Published July 21, 2015
The Deadwood 29-plus off-road touring and bike packing model

SNOWBASIN, Utah (BRAIN) — Is it really necessary for one brand to offer not one, not two, but THREE different drop-bar 29er bikes? Oh yeah, says Benton Hunt, global sales manager for Salsa Cycles. It’s all about the individual experience and where the bike can take a rider, he said during the Salsa 2016 model year presentation QBP’s SaddleDrive dealer event in Snowbasin. 

“We’re starting to pick the pockets where we have something for everybody, and that’s cool,” Hunt said.

So it is that Salsa’s stalwart Fargo 29er drop-bar platform gets a new sibling in the Deadwood chromoly touring bike, rolling on the 29er-plus wheel size fellow QBP brand Surly introduced at SaddleDrive 2012 with the Krampus mountain bike. With its 45-millimeter-wide rims dressed in 3-inch Schwalbes, the disc brake-equipped Deadwood is intended for the rider who wants something stable and comfortable for off-road loaded touring and bike packing, Hunt said. 

The chromoly frame — using a new double-butted tube set Salsa calls Kobra Kai — has Boost 12x148mm rear hub spacing with Alternator dropouts for rack provisions, while the Salsa Firestarter Carbon fork comes with three-pack bosses. Deadwood should be available in September at an MSRP of $2,599.

Designed for endurance racer Jay Petervary to ride in the Tour Divide, where he recently broke his own record finish, the high-modulus carbon Cutthroat features generous front-triangle space for frame bags, a toptube accessory mount, three bottle cage mounts and Salsa’s Firestarter Carbon fork with three-pack mounts. Available in two spec levels — SRAM Rival 1 at $3,999 and X9 at $2,999 — Cutthroat comes stock with 2.1x29 Schwalbes but fits tires up to 2.4x29. Availability: November.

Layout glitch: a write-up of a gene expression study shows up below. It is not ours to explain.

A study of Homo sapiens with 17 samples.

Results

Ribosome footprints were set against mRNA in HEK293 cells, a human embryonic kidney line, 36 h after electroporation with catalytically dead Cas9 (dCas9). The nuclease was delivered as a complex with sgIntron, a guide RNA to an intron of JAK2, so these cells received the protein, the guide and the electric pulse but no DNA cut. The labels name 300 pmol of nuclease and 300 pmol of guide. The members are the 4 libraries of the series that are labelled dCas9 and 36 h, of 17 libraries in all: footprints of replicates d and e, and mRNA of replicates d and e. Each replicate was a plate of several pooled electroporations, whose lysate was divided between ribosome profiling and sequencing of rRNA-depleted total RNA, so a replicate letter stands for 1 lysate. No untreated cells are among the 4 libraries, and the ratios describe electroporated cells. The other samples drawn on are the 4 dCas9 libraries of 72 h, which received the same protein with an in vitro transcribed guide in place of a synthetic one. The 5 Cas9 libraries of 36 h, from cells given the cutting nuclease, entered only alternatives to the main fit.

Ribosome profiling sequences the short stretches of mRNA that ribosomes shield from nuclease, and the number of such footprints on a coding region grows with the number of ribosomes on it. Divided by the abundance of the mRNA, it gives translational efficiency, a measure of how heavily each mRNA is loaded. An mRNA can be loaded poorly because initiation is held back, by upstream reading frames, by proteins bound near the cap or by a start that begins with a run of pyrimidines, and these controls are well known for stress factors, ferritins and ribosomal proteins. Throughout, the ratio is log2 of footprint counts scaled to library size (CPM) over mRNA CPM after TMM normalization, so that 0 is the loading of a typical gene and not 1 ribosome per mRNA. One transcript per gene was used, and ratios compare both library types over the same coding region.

Marrakesh is Salsa’s new world touring bike, built with the Kobra Kai tubing and coming with a stock rear rack as well as a host of additional cage and rack mounts and room for a full frame pump. Drop-bar and flat-bar versions will be available, with frames designed specifically for the particular bar type. Both come with Avid BB7 disc brakes.

Marrakesh Drop Bar gets a Brooks B17 leather saddle, bar-end shifters for easy repair, and Salsa’s Cowchipper bar wrapped in faux-leather Salsa gel tape. The flat-bar version also comes with the Brooks 17 saddle plus Microshift 3x9 thumb shifters and a Salsa 17-degree-bend flat bar. MSRP is $1,599, with availability in late October. 

At SaddleDrive, Joseph Nocella, owner of 718 Cyclery in Brooklyn, N.Y., saw the Marrakesh as a perfect fit for his commuting and touring customers. “I want go home and order 10 of those,” said Nocella, who imagines outfitting perhaps a few of the Marrakeshes in his shop with various commuter accessories for different seasons.

But the bike perhaps in highest demand at the SaddleDrive demo this week was Salsa’s new Ponyrustler full-suspension mountain rig, built around the up-and-coming 27.5-plus wheel standard. Like all of Salsa’s full-suspension mountain platforms, the 120-millimeter-travel model is designed around Dave Weagle’s Split Pivot suspension system. It gets the same front triangle as Salsa’s Horsethief 29er, but the front and rear hub spacing are both Boost standard for the 27.5x3.0 tires on WTB Scraper i45 rims. “It really makes the bike feel like every berm has a corner on it,” Salsa’s Hunt said of the wheel/tire combo. The Ponyrustler should be available in late December or early January in two carbon builds and one aluminum.

Speaking of plumper — plusser? — tires, the Horsethief the trail 29er gets updated to Boost 148 rear spacing for 2016, giving consumers the option to run faster 29er wheels or switch out to a 27.5-plus setup for added traction. Availability: late December/early January.